David Appell commented earlier this week on the moment when you realize it’s fall:
Every year it’s the middle of August plus a few days. In mid-August there’s inevitably a several days-long rain, followed by a clearing in which the climate is suddenly different — clear blue skies, significantly less humid, cooler, especially at night. This year was no different, and the change is palpable….
He’s up in New Hampshire, and I infer that fall seems to herald for him some unpleasantness – “all too soon” – whereas here it’s a sort of soft and comforting blanket being gently draped about our shoulders. I love that moment when it suddently snaps – a subtle meteorological phenomenon, but a clear mental step function.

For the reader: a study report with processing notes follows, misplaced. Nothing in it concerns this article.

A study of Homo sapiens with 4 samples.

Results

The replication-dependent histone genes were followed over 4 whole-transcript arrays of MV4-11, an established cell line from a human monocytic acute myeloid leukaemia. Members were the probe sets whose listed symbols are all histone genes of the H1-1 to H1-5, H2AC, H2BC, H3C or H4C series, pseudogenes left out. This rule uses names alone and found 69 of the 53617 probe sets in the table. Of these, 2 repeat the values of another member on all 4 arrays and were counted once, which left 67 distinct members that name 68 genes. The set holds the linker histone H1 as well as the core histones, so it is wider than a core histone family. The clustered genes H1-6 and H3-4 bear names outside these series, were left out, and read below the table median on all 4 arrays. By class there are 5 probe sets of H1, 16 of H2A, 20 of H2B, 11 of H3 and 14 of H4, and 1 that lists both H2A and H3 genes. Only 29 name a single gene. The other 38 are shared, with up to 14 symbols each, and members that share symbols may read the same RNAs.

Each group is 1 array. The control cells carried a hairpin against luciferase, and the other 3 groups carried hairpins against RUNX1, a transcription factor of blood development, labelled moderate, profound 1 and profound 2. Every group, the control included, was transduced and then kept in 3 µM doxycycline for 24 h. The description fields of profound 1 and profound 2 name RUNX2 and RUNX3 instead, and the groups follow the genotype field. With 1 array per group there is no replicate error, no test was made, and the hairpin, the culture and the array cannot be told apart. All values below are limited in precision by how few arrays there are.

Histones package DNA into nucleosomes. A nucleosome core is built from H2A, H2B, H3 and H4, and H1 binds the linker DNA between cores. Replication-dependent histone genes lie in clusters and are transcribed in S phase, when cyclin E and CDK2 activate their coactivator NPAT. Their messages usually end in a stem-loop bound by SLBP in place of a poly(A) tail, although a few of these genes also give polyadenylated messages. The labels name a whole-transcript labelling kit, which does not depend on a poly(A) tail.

In Albuquerque, we demonstrably had it Wednesday morning, if I can gunk up the romantic feeling of cool mornings and the smell of roasting chiles with the practical empiricism of meteorology. The summer high that wobbles around the southwest like a wandering drunk is pretty much gone, replaced by the upper-level westerlies that dominate fall and winter. Overnight lows have slipped into the ’50s and the first chile-roasting picture has appeared on the front page of the newspaper.
The westerlies brought in a cloud cover Wednesday that would be unheard of under the summer high, and the low of 52 Wednesday morning was a record. This is all vaguely early – the summer high and the resulting monsoons often linger into the first week of September. But the kids are back in school, the state fair starts next week, and I can see some yellowing leaves on the big cottonwood across the street, so I guess it makes sense to get on with things.